A national park that speaks to the thrill of exploration celebrates its birthday today.
Voyageurs National Park in Minnesota became the nation’s 36th national park when Richard Nixon signed it into creation in 1971, but don’t plan on taking in its sites in your car. This “Land of Lakes” is more than a third water and has a rich history of exploration by boat.
Named after the French-Canadian explorers who left Montreal for the promised riches of the fur trade, Voyageurs National Park has seen its fair share of treasure and adventure seekers. The area was so well travelled by the voyageurs and the Ojibew Indians they traded with that their route became the U.S.-Canadian border. The area did a brief stint as a destination for gold seekers in the 1890s, then several decades as a loggers’ paradise before settling into its current life as a national park. But the spirit of exploration never died.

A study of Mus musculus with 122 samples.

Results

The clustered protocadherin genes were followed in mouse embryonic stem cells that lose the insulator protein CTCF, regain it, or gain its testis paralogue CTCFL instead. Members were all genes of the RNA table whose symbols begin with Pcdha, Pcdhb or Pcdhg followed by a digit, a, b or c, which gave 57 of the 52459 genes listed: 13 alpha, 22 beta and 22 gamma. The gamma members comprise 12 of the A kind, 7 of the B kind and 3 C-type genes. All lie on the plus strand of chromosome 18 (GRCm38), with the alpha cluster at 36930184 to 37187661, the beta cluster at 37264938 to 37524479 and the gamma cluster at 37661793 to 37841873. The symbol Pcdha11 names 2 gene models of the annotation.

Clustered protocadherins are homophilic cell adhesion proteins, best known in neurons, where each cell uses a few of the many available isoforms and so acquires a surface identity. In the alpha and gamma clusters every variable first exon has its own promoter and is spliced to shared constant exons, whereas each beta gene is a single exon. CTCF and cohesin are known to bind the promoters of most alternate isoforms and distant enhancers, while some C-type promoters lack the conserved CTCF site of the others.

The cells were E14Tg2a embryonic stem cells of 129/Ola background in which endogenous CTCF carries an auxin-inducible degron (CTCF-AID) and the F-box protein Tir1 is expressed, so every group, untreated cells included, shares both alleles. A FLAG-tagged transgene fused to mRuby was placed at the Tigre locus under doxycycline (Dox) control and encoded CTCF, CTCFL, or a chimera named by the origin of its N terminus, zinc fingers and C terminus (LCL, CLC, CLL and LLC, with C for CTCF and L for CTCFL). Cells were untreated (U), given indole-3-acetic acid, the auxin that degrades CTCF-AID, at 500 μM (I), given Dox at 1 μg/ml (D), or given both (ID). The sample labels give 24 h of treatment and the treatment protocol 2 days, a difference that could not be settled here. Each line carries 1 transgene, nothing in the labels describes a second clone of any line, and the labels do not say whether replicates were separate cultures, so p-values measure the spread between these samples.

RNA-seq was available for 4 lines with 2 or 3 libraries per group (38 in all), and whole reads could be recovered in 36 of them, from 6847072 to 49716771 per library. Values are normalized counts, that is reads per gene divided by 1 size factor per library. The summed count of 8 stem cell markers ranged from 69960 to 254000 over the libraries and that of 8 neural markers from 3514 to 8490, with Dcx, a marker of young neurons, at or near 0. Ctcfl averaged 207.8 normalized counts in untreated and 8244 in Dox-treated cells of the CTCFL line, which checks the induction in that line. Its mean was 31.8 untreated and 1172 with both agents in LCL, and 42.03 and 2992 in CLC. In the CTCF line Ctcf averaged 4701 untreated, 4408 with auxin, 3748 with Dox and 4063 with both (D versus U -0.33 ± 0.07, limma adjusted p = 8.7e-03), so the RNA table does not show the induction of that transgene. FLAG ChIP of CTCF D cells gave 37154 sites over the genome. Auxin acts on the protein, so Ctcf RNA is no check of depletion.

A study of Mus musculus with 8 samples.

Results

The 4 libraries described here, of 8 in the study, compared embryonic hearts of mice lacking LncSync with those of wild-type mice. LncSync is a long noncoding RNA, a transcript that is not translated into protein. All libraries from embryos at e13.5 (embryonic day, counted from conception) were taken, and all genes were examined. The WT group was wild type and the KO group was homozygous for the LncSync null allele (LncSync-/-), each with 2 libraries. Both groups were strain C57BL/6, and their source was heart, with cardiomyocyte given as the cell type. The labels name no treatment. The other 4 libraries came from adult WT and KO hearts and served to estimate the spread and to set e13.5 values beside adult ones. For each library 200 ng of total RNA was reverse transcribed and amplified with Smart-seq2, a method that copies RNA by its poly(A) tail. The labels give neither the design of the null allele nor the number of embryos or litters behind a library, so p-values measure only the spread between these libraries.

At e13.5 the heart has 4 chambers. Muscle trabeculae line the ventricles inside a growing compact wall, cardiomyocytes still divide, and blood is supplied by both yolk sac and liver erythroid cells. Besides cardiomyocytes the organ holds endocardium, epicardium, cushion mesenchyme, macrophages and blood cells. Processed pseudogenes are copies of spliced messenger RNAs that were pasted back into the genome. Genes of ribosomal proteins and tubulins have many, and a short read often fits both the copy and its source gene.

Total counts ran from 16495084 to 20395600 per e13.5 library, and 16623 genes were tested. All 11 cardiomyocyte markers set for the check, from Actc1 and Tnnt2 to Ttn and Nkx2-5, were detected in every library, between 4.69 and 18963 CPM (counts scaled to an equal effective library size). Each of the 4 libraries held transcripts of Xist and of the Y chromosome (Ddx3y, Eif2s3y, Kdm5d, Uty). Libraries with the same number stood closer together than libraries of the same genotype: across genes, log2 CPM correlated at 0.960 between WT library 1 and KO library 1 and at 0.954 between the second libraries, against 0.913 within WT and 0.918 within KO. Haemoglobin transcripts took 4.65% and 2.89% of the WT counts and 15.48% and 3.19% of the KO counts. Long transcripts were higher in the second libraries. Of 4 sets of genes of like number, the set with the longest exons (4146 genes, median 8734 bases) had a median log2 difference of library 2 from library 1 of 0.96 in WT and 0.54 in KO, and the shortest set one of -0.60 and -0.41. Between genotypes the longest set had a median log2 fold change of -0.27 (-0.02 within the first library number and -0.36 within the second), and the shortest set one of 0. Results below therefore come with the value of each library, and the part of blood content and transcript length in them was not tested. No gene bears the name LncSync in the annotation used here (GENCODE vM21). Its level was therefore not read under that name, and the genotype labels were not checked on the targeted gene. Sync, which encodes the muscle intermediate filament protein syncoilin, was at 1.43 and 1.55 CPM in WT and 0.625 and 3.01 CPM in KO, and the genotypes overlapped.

Voyageurs was recently the site of an expedition of Teen Ambassadors to the National Park Service. The group of teens from the Twin Cities and International Falls was selected to help determine how the National Park Service could better reach out to youth. They were full of ideas, from a teen-focused website and classroom visits to youth expeditions. Last summer, they got to live some of their own suggestions, as they canoed in the footsteps of the voyageurs’ birch bark canoes, camped out under the stars and even had an encounter with a wolf.
As one ambassador told the National Park Service, “I think it’s important for our national parks to have Teen Ambassadors … Considering that young people are the future caretakers of every aspect of the country, you want to get them to care more about our national parks so they will always be around.” Another said, “The outdoor experience was incredible. We got to see a beautiful natural environment that I never saw before, and I’m so thankful for this great opportunity.”
The fur trade, gold rush and pulpwood logging in Voyageurs National Park may have ended, but as these Teen Ambassadors’ words show, there are even more valuable treasures waiting to be discovered there.
Meet a man who had a heavy hand in protecting the land that would become Voyageurs in our American Forests magazine feature, “A Man Saved by Wilderness.”